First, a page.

Increasing numbers of consumers who find themselves overwhelmed with credit card or other debt are turning to a variety of services that provide credit- and debt-related services:
- Credit counseling, when done well, provides consumers with comprehensive education regarding money management skills based on individual needs. Generally, nonprofit credit counselors are best, but the Federal Trade Commission warns that even nonprofit credit counselors can charge hidden fees or urge their clients to make “voluntary” contributions that increase debt.
- Debt management ostensibly helps consumers manage high debt levels. Debt management companies counsel consumers about how to manage or consolidate their debt into one monthly payment and arrange for more affordable payment plans with credit card companies and other creditors.
- Debt settlement, debt termination, and debt elimination purportedly help consumers settle debts for less than the full amount of the outstanding debt. But they also expose people to risk because they often require consumers to stop paying their debts, which often results in penalty interest rates and fees.
- Credit repair may falsely represent that a consumer’s credit score can be repaired or improved by removing negative reports from a credit score.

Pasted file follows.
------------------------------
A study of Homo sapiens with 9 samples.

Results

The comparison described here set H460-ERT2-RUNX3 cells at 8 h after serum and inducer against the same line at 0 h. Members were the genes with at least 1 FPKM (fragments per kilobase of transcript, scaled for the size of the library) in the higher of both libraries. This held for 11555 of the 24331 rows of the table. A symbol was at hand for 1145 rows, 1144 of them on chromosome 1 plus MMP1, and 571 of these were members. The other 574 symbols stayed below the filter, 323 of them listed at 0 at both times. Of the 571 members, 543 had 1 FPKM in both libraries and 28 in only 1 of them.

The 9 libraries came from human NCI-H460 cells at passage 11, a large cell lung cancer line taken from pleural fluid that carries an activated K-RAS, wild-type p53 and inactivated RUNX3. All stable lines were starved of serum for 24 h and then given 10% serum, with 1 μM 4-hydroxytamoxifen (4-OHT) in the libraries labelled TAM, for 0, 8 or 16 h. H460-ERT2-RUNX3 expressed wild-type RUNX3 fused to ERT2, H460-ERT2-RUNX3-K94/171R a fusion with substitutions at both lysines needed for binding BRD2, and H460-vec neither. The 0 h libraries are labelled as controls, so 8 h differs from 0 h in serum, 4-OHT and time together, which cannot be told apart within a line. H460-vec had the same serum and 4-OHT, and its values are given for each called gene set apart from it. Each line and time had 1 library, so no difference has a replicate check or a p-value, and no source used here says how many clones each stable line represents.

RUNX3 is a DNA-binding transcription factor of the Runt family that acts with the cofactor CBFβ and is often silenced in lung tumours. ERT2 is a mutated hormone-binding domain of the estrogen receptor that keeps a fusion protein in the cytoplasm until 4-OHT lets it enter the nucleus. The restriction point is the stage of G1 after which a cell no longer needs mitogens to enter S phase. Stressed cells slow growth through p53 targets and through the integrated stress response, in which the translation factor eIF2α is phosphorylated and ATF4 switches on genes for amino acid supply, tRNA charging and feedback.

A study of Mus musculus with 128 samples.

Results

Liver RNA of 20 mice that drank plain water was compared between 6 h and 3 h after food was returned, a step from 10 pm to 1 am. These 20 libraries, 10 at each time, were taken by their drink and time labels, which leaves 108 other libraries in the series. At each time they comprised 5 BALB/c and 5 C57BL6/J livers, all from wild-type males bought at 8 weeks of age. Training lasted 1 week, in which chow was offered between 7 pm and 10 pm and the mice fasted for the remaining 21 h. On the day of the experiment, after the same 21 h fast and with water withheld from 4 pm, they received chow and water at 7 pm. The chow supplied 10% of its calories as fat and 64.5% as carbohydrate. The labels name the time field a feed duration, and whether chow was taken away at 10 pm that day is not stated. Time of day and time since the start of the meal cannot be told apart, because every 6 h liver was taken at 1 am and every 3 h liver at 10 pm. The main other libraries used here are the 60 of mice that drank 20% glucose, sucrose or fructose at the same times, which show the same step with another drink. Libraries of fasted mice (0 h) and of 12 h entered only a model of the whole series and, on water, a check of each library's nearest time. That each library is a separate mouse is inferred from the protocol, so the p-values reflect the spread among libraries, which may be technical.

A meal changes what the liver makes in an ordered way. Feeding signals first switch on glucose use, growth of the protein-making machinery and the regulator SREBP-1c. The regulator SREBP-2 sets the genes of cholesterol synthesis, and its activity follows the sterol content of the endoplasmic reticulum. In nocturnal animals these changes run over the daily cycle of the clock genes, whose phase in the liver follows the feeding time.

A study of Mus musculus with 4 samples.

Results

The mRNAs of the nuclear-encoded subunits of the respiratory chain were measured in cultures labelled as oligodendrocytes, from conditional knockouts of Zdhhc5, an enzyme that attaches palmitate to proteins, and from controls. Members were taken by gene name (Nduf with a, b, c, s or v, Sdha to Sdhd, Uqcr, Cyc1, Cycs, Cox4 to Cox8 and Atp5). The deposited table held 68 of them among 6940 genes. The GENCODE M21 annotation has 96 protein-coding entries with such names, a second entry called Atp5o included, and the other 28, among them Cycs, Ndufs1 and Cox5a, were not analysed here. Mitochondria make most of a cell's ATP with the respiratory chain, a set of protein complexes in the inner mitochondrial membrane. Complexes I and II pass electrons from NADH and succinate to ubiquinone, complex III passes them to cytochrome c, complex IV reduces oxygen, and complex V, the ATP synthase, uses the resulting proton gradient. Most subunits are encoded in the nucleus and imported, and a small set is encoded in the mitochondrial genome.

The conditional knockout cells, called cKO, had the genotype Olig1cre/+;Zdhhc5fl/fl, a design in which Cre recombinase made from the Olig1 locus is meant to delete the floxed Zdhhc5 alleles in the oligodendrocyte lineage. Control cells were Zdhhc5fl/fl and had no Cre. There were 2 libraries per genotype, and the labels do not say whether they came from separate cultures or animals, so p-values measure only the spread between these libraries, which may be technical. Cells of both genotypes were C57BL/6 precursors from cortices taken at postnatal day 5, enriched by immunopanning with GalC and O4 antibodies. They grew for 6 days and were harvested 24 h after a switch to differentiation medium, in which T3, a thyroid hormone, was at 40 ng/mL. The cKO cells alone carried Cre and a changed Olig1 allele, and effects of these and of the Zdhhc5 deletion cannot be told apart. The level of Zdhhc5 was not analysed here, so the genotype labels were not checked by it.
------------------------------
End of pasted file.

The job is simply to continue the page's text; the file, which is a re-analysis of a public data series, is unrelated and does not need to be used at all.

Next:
- Other businesses—such as subprime creditors and mortgage rescue scammers—market high-cost credit to consumers with unaffordable debt and low credit scores.
Federal law prohibits unfair, deceptive, or abusive trade practices, charging advance fees, and failing to make required disclosures. Several states have enacted legislation to regulate fees, prohibit advance or disproportionate fees, establish licensing and bonding requirements, require specific disclosures, and require that products be suitable for a client’s personal situation. Nevertheless, federal and state regulation has thus far generally been inadequate to curb abusive practices.
The Bankruptcy Abuse Prevention and Consumer Protection Act, enacted in 2005, requires consumers seeking bankruptcy to get credit counseling from a government-approved organization within six months of filing. The National Foundation for Credit Counseling has found that only 10 percent of these counseling sessions were conducted in person. The rest were conducted over the telephone or Internet.
Credit- and Debt-Related Services: Policy
Licensing of providers of credit- and debt -related services
Providers of credit- and debt-related services should be required to register with, or obtain a license to conduct business in, each state in which they operate.
- prohibit unfair, deceptive, or abusive acts and practices, including those that fail to provide the relief offered or create unaffordable payments; and
- require companies providing credit- and debt-related services to evaluate and ensure that their services are in the best interest of the consumer.
Written contracts and disclosures
Policymakers should require providers of credit- and debt-related services to provide written contracts to consumers that include:
- an individual financial analysis,
- disclosure of the risks of the products or services being offered, including the possible impact on debt loads and credit scores and reports, as well as any conflicts of interest;
- disclosure of the total cost of the services and payment schedule;
- information on other options to deal with debt; and
- the ability to cancel the service without being charged a penalty.